Chris O’Grady’s Pre-Rookie Season: Miami Marlins Review

MIAMI, FL - SEPTEMBER 20: Chris O'Grady #50 of the Miami Marlins throws against the New York Mets at Marlins Park on September 20, 2017 in Miami, Florida. (Photo by Joe Skipper/Getty Images)
MIAMI, FL - SEPTEMBER 20: Chris O'Grady #50 of the Miami Marlins throws against the New York Mets at Marlins Park on September 20, 2017 in Miami, Florida. (Photo by Joe Skipper/Getty Images) /

Throughout the 2018/2019 offseason, Marlin Maniac will devote one article each for every player who appeared in the Miami Marlins system for the 2018 season. Every. Single. Player. This is Part 129 of 286. For the first 100, click here.

Chris O’Grady is a 6’4″, 220 lb. left-hander from Congers, New York. O’Grady is the second major leaguer to hail from Congers, joining catcher Bill Drescher.

O’Grady was born on April 17th, 1990, and before turning professional played four collegiate seasons for the George Mason Patriots. He appeared as a reliever in 37 of his 52 overall appearances, turning in an 8-4 record and a 3.94 ERA. He whiffed 156 in 152 1/3 innings, with a 1.44 WHIP. Follow O’Grady on Twitter @COGrady38.

In the 2012 MLB Amateur Draft, the Los Angeles Angels of Anaheim Southern California chose O’Grady in the 10th round, with the 327th overall selection. After signing for $50,000, he joined the Orem Owlz in the rookie-level Pioneer League. O’Grady appeared 13 times in relief, striking out 14 and allowing a 1.83 WHIP in 15 innings.

As a 327th overall pick, O’Grady is one of nine to eventually make his way to the major leagues. The group is led by Rod Beck (1986, Oakland Athletics, 11.4 career WAR), Jeff Brantley (1984, Montreal Expos, 11.3 WAR), and Mickey Hatcher (1974, Houston Astros, 2.9 WAR).

Over the four seasons following his selection, O’Grady worked his way up through the Angels’ system. He made stops for the single-A Burlington Bees in the Midwest League, the high-A Inland Island 66ers, in the high-A California League, the double-A Arkansas Travelers in the Texas League, and the triple-A Salt Lake Bees in the Pacific Coast League.

Just into the 2017 season the Angels granted O’Grady his outright release. On April 8th, two days after he found himself unemployed, the Miami Marlins signed him through free agency.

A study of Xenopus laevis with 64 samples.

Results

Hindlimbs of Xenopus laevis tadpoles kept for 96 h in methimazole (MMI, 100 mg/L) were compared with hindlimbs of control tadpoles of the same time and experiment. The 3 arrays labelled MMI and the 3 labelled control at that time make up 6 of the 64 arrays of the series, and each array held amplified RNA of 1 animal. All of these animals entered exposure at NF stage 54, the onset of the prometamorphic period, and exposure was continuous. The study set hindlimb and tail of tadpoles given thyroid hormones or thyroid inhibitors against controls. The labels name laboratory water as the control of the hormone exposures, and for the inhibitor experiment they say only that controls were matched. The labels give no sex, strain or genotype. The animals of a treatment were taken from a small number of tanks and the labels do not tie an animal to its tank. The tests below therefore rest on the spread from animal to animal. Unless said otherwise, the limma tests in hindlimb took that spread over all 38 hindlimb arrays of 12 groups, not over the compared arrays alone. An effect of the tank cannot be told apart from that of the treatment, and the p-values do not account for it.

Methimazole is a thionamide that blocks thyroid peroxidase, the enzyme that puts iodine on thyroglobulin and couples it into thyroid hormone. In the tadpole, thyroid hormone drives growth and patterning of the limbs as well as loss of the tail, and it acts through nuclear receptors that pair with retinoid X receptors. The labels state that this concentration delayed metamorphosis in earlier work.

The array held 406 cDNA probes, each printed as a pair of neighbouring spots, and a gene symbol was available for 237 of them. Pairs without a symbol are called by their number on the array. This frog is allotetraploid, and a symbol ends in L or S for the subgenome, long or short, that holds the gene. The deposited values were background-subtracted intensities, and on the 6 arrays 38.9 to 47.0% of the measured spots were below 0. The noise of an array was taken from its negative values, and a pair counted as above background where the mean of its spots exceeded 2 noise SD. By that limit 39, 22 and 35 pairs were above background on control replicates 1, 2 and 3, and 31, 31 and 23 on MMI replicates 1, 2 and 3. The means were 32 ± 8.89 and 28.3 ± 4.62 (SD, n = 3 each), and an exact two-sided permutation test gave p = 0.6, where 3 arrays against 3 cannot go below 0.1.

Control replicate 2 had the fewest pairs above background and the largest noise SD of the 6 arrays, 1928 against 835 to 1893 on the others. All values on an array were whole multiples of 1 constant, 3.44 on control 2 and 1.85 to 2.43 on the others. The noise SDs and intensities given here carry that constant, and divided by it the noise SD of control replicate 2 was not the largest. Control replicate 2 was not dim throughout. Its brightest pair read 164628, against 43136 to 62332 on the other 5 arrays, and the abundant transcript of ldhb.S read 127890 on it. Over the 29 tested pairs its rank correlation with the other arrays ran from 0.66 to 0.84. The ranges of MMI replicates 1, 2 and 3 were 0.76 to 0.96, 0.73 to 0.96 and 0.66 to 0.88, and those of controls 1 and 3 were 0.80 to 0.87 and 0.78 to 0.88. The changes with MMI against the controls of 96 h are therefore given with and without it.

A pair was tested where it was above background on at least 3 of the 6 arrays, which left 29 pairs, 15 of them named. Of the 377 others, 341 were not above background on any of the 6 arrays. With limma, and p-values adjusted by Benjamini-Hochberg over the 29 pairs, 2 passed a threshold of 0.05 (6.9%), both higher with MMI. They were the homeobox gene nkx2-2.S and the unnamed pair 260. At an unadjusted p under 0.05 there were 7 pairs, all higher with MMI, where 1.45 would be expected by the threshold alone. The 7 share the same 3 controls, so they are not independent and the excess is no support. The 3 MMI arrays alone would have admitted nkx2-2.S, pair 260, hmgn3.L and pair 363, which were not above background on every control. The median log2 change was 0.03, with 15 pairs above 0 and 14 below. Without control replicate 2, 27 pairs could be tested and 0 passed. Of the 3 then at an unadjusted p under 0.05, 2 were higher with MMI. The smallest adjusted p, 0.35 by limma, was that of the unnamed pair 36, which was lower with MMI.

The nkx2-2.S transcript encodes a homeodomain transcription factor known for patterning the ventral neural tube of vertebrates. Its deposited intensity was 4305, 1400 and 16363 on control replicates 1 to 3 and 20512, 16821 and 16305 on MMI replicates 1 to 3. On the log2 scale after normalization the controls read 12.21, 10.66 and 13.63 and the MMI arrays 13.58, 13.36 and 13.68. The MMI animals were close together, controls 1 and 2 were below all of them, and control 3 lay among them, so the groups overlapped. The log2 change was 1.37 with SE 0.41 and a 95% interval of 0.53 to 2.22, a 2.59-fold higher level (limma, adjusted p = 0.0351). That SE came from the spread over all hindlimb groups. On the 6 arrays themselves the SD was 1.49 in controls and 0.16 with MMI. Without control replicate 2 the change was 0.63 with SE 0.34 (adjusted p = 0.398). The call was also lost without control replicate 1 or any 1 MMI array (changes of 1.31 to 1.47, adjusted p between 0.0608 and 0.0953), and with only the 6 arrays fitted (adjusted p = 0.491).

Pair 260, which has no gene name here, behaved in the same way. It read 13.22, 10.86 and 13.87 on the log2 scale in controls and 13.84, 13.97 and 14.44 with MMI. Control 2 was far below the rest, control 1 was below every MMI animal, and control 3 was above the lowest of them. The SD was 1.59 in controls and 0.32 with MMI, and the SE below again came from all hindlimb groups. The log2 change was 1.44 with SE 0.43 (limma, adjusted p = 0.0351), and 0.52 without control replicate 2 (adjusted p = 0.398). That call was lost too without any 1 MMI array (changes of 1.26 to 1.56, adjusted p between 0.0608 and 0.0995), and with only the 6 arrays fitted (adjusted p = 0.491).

Over the following two months, O’Grady slung for the PCL’s New Orleans Baby Cakes. After three mostly ineffective relief appearances, he started nine games as part of the rotation.

As a starter for the Cakes, O’Grady held opponents to a .218/.277/.353 slashline, a 2.91 ERA, and a 1.058 WHIP. He was 2-5, striking out 45 in 46 1/3 innings. Whatever he was doing, it was good enough for the Miami Marlins to promote O’Grady to the major leagues for his debut performance on July 8th. He earned a victory, plating 48-of-81 pitches and striking out four San Francisco Giants in a 5-4 Miami Marlins victory. He struck out four and surrendered three runs on five hits and two walks.

More from Marlins News

O’Grady finished the season with a 2-1 record and a 4.36 ERA, striking out 30 in 33 innings. He also posted a concerning 1.545 WHIP over his 13 appearances, including six starts. His best start of the year was on July 27th, when he tossed seven scoreless innings, striking out five Reds in a 4-1 win over Cincinnati (see above).

O’Grady started the 2018 campaign on the Miami Marlins opening day roster. He was to serve as a middle-reliever and spot starter as needed, and pitched in eight of Miami’s first 16 games. He wouldn’t pitch at any level again through the end of the season due to a left shoulder sprain.

O’Grady threw 137 pitches to that point, racking up a 6.43 ERA on seven hits and four walks in seven innings. He struck out eight batters. Placed on the 10-day DL on April 19th and transferred to the 60-day DL on June 15th, he was outrighted to the minors on October 12th. On November 2nd, he elected to test free agency.

Still technically a rookie at 28-years-of-age, O’Grady is free to sign with any organization.

Next. Jake Norton's 2018 Marlins Review. dark

Thanks for reading. Like us on Facebook, follow us on Twitter, and subscribe to our daily newsletter to keep up with the Miami Marlins.